There’s a first time for everything in your life, especially when it comes to diving with sharks. The key is to make that first experience an impressionable one.
For me, I suppose that those first time experiences come a little more often than most, but hey, that’s why I’ve followed my dream of becoming a professional travel blogger. For instance, doing so opened a door for me to dive with sharks at the Denver Aquarium.
Obviously, I was a bit nervous, but hey, we’re jumping into controlled waters so how bad could it be? Between the warm, 75-degree water and very lively marine life, there was a lot going on. As it turned out, everything that I expected happened…and then some!
Shark diving Denver Colorado
I found it ironic that my first diving with sharks experience happened nearly 1,000 feet above sea level. Denver was the last place on Earth I ever expected to find shark diving opportunities, let alone with guys as big as these ones. When I got word that the Downtown Aquarium allowed Scuba certified divers to jump into their aquariums, it was not something I was going to pass up.
As the group of us (4 in total) readied ourselves in the changing room, we quickly scurried to the diving platform where we would then proceed to jump in our wetsuits and dive some 22-odd feet down into the water.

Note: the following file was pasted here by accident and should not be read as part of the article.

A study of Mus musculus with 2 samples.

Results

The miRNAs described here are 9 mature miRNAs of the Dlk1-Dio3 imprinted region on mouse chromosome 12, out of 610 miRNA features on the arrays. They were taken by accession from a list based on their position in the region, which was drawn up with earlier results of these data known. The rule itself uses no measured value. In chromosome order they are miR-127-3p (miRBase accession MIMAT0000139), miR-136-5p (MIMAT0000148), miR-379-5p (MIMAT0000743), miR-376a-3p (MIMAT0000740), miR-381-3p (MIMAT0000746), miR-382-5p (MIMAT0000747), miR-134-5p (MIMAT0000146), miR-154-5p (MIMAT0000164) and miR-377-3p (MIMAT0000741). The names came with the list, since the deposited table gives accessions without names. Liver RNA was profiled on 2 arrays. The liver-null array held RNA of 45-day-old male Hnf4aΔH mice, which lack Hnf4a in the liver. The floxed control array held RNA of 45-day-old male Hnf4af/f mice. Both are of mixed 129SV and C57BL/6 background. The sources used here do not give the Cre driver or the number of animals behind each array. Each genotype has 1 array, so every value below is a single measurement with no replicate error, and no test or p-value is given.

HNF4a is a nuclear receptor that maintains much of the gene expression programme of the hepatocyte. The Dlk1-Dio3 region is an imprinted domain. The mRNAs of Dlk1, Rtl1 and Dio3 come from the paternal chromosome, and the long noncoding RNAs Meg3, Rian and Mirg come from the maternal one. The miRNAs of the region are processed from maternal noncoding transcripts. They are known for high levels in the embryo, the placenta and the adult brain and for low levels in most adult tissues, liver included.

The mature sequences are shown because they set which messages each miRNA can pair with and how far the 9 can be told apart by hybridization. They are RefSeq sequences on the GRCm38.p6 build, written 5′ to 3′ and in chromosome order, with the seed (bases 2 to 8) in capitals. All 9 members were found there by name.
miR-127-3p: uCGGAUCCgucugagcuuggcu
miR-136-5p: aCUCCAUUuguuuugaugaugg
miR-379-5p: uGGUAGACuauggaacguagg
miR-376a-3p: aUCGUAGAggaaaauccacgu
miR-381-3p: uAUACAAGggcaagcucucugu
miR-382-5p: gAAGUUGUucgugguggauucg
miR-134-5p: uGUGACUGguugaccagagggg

Just slightly warmer than the cool temperatures of the fresh water springs in Florida, the wetsuits kept us very warm to the point that whenever we were out of the water it actually became a little toasty.
Once we got fully submerged into the aquarium, we rested at the bottom of the tank where it was quite obvious the animals were very alive! Sharks swam around you, easily coming within arms reach, alongside various types of fishes and sea turtles.
Although they looked quite dangerous, you quickly realized they only came close enough to inspect, never taking a bite, of what’s in their home environment. 😉
I think the most interesting (and by far funniest) thing about the experience was brought to you by the massive sea turtle who lived there as well. He was quite persistent about swimming on top of any diver who came within range of his habitat then resting on our heads. It got to the point that our guide actually had to hold him back with a piece of pvc pipe!
After approximately 45 minutes of diving and scurrying around the bottom of the aquarium like sand crabs (after all, at this point we were literally at the bottom of the food chain), we slowly made our way back to the entrance of the aquarium.
The man-made reefs looked to be in spectacular shape and the animals surely made the place their home. From my experience handling/swimming with animals, they all seemed very relaxed in their spacious environments.
I would have to say that, for the first time diving with sharks, it was quite a relaxing experience. Overall, I’m really looking forward to taking the next step and diving with sharks in open waters. This will ultimately test my luck out…especially if Great Hammerheads are involved somewhere near the Bahamas!
Would you ever jump in shark infested waters?